Bogdan Aurescu, the new head of Romanian diplomacy

Bogdan Aurescu, the new head of Romanian diplomacy


By Daniel Stroe – Bucharest

Romanian President Traian Basescu has today signed a decree to confirm Bogdan Aurescu as the new minister of Foreign Affairs, less than a week after his predecessor, Teodor Melescanu, resigned following a public uproar sparked by obstructed presidential elections in the Diaspora.

Aurescu’s appointment came as a surprise since the Romania media and officials were floating the name of Mihnea Motoc, Romania’s ambassador to the EU. His name was scrapped, but the Romanian Government has so far given no explanation about the decision even though the media speculated his removal from the short list is connected to an incompatibility situation his wife may find herself in.

Last Tuesday, Teodor Melescanu resigned, only two days after the presidential runoff, marred by a myriad of organization problems which left thousands of Romanians abroad unable to vote in the elections which ended in the victory of Klaus Iohannis. His resignation came only a week after a similar decision taken by Titus Corlatean, his predecessor, following an uproar sparked by the same bureaucratic hurdles voters faced in the Diaspora.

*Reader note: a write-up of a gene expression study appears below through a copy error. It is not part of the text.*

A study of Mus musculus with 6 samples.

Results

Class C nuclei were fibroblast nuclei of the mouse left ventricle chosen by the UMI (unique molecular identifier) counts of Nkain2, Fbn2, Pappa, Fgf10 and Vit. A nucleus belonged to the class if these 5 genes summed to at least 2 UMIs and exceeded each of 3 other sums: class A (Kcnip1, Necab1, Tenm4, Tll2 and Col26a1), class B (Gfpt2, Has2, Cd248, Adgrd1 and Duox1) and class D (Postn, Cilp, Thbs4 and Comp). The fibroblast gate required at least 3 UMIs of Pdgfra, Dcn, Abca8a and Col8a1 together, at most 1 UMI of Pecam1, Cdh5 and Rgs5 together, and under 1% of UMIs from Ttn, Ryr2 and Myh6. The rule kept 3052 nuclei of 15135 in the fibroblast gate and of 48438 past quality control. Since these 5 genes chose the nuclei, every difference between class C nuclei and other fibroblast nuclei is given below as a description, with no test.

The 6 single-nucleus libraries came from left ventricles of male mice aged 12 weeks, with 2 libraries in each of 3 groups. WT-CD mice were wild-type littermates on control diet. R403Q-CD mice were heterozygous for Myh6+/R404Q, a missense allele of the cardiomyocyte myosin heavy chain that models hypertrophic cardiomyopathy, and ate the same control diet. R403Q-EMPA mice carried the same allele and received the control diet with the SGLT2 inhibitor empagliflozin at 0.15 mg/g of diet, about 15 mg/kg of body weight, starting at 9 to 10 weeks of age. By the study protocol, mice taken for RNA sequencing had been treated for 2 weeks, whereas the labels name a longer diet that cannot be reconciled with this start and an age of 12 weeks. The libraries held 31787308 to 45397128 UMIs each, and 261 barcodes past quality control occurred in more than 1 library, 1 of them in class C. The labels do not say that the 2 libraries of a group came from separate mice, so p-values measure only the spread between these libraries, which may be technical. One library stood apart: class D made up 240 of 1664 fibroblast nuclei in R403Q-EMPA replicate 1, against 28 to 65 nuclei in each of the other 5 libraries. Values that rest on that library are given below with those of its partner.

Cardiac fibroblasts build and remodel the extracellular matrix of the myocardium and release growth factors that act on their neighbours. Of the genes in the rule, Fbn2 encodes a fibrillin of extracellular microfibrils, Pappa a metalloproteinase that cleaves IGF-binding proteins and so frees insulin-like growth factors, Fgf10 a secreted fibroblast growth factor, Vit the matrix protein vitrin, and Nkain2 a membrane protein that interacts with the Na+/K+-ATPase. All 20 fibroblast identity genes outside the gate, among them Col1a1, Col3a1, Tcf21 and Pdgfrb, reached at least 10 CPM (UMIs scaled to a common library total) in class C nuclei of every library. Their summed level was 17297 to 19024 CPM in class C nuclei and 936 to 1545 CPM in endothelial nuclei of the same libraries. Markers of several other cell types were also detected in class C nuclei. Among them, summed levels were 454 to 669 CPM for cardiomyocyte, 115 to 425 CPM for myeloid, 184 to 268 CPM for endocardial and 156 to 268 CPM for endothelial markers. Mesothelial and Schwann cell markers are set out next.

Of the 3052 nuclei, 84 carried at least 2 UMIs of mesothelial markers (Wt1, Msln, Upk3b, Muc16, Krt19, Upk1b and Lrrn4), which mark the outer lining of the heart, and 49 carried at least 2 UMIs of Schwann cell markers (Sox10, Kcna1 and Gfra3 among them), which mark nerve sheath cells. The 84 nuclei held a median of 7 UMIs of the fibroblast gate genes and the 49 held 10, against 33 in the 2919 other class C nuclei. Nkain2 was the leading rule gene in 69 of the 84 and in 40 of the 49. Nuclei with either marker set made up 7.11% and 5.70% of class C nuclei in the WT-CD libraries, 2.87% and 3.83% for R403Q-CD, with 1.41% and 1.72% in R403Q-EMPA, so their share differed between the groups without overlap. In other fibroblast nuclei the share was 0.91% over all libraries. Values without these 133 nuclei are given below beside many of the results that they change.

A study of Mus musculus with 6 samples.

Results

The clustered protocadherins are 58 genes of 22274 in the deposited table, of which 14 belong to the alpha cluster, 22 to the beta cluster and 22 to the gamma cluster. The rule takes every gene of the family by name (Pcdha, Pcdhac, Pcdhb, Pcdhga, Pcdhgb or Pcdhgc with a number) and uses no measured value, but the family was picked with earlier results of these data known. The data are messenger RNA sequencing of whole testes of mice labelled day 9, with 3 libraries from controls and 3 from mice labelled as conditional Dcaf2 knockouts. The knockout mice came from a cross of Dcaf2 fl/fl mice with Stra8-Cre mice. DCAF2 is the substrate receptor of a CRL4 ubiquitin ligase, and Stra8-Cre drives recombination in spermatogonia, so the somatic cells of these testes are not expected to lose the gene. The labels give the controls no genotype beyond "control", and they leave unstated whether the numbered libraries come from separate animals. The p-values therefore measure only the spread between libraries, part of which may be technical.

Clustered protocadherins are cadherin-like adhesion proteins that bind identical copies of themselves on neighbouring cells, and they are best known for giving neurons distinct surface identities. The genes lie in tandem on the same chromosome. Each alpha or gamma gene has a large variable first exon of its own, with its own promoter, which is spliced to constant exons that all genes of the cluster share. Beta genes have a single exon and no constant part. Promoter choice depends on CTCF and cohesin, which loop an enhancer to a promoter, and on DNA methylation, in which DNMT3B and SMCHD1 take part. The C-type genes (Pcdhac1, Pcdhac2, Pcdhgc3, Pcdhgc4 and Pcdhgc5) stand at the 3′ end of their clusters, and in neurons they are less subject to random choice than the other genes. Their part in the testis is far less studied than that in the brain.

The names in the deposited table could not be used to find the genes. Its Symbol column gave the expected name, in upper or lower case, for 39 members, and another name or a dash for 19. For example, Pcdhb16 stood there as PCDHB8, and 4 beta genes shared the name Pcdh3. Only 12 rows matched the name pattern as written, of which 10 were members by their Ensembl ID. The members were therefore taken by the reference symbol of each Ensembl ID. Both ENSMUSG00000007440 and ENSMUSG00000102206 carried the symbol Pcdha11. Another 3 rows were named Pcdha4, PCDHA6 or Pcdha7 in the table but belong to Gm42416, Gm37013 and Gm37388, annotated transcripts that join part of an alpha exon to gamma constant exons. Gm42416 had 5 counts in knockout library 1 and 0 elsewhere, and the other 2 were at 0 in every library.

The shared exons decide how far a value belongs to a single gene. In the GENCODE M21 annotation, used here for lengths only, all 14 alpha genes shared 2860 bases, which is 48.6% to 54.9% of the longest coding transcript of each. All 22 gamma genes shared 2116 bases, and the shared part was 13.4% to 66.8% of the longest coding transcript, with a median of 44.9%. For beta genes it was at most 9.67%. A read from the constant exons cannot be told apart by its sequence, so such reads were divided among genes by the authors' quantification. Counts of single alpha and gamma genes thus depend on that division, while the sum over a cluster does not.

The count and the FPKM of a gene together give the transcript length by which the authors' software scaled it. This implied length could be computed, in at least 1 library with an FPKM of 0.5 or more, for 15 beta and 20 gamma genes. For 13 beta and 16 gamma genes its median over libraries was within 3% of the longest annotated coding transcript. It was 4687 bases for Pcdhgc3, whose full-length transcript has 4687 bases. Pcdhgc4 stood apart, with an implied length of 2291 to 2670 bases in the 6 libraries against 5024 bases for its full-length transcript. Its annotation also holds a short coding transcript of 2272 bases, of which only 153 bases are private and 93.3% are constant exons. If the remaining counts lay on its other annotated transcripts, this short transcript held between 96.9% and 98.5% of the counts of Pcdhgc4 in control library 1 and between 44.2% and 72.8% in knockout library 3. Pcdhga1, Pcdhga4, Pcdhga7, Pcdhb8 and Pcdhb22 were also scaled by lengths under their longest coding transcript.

Thousands of Romanians couldn’t vote in the two rounds of presidential elections on 2 and 16 November after enormous queues at the few polling stations abroad. The authorities resisted countless calls to set up new stations by saying such a measure would break the law, even if the Central Electoral Bureau repeatedly confirmed this is legally feasible.

A wave of uproar followed on social media after voters abroad were left out in the cold and rain after, in some cases, 12 hours of standing. The outrage gained proportions after furious voters clashed with police in Italy and France who used tear gas and batons to disperse protesters asking for their constitutional right to be observed. An investigation was launched last week into the circumstances of the poor organization of the presidential poll, Romania’s General-Prosecutor announced. The electoral debacle abroad also prompted foreign officials to call on the European Commission to investigate Romania’s inability to provide conditions for citizens to vote, a right guaranteed by the Constitution.

Aurescu, a young career diplomat and currently a secretary of state for strategic affairs in the Ministry of Foreign Affairs, came to prominence following the trial at the International Court in The Hague in which Romania and Ukraine disputed the continental shelf in the Black Sea. Romania, then represented by Aurescu, won about 80 per cent of the disputed surface. In 2010-2011, Aurescu led the negotiations with the US Government on the anti-missile shield.